Independent Lawmakers Make Case for Political Centrism
Imagine a U.S. Senate with five or six independent members, which would deny both major political parties an outright majority and give said coalition a large amount of power. Although seemingly impossible, especially in an era of unprecedented polarization, some suggest that this so-called “fulcrum strategy” could have a major impact on next year’s elections.
“This isn’t a coincidence – there is something happening here,” said Centrist Project Executive Director Nick Troiano, speaking both about a growing independent movement and the four independent elected officials attending a National Press Club news conference Wednesday. Billed as “Independents Day,” the event pointed to examples of third-party success that – as Troiano told RCP in April – can actually make a difference rather than just “make a bunch of noise.”
Troiano said independents in the United States should take heart from the recent French elections that made Emmanuel Macron president. He ran under the banner of Republic on the March, a recently formed centrist coalition that also secured an outright majority of seats in the National Assembly.
U.S. presidential politics is a higher hurdle, as Troiano acknowledged. Independent presidential candidate Evan McMullin received only 0.4 percent of the popular vote. This is one reason the Centrist Project is focusing on the Senate. Another is that moderate activists see kindred spirits in senators such as Democrats Joe Manchin and Heidi Heitkamp and Republicans Susan Collins and Ben Sasse, who have expressed a desire to move closer to the center of the partisan political spectrum if some sort of infrastructure existed to accommodate them.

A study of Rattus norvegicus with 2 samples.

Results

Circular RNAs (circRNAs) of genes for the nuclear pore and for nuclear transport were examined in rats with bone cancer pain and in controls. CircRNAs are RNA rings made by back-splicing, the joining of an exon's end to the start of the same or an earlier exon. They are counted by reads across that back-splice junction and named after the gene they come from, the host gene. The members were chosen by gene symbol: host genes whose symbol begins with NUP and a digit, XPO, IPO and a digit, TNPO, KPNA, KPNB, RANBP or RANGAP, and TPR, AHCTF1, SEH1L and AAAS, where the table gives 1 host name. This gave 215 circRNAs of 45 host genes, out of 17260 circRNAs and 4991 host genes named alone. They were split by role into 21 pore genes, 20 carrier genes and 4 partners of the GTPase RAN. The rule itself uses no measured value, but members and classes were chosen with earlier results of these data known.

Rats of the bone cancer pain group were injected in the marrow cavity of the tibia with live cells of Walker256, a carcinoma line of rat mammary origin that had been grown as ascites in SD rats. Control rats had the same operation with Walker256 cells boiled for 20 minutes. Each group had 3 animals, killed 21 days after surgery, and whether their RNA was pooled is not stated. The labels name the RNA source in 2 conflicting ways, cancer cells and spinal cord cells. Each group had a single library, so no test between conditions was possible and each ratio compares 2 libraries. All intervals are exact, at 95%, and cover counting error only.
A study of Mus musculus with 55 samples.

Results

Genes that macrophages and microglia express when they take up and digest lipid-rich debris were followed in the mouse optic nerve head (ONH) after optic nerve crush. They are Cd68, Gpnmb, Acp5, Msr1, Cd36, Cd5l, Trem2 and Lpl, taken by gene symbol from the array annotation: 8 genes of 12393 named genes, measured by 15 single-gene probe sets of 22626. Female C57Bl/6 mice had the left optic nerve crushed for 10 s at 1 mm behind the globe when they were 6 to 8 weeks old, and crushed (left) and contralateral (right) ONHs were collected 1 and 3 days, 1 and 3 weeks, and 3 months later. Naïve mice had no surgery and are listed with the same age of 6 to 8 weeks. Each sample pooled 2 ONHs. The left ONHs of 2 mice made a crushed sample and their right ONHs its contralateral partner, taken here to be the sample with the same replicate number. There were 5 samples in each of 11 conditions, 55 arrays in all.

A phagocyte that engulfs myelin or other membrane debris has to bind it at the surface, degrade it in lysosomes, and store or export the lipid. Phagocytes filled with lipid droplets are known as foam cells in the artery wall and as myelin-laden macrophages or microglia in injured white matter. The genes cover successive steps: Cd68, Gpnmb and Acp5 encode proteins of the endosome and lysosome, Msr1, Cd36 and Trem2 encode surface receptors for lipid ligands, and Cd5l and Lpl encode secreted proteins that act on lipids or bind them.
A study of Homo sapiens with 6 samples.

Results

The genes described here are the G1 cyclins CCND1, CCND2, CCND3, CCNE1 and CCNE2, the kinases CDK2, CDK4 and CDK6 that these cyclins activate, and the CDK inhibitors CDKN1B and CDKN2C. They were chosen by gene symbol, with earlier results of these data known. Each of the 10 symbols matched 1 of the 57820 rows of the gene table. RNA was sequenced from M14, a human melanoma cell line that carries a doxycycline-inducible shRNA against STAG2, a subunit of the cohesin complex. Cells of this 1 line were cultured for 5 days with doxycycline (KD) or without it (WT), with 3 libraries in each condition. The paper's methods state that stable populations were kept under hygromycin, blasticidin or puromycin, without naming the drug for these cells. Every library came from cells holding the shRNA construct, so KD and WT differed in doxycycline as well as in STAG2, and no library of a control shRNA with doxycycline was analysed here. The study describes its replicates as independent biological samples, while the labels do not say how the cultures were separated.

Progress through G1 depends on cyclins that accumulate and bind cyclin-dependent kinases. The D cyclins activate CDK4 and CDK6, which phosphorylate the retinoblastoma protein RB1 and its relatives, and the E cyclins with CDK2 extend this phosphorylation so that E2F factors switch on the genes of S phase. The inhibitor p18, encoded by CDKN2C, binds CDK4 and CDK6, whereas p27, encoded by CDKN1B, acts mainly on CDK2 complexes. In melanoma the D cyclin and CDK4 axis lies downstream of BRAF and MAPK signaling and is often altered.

“This is a better fit for who I am,” said Alaska Gov. Bill Walker, whose lieutenant governor and former Democratic challenger, Byron Mallott, joined him on a “Unity Ticket” in the final months of the campaign. Walker (in photo above) said flatly that his independent status allowed him to “represent all 730,000 Alaskans equally.”
Alaska State Rep. Jason Grenn described a last-minute decision to quit his job to run for office as an independent after concluding that the two-party rivalry wasn’t conducive to problem solving. Running as an independent literally required knocking on the door of every house in his district, said Grenn. His pitch was simple: “I don’t wear any hat; I’m just an Alaskan.”
The fulcrum strategy probably makes more sense at the state level, Centrist Project leaders believe. And it works best in states like Alaska and Maine – home to Angus King, the U.S. Senate’s only true independent – with a rich independent tradition. Last year, for the first time in more than a quarter century, control of the Alaska statehouse was taken from the GOP and put in the hands of a bipartisan governing majority made up of moderate Republicans and the House Democratic caucus. Walker and Grenn said the move toward centrism has been crucial in combatting the state’s historic budget deficits.
A similar story is unfolding in Maine, where the election of two independent state representatives in 2016 spurred three incumbent representatives to drop their respective party affiliations, stripping both major parties of an outright majority.
“The gap between parties is more self-induced than we realize,” said independent Maine Rep. Owen Casas, who believes his political freedom has helped him serve as a liaison between state Democrats and Republicans and move along important legislation.
The session ended with an acknowledgment of the steep barriers to entry for independent politicians, including lack of a support system and a perception in the media and the political donor community that the chances of winning state and national elections are exceedingly small. In addition, Troiano said, Republicans and Democrats don’t agree on much except making it difficult for others to run against them.
Despite the roadblocks, he suggested that the number of independent politicians could begin to grow exponentially instead of linearly. From the bipartisan 35-member Problem Solver Caucus in the House — to the fact that MSNBC talk show host Joe Scarborough officially left the Republican Party Tuesday — Troiano said it's obvious “the political environment is ripe for an alternative.”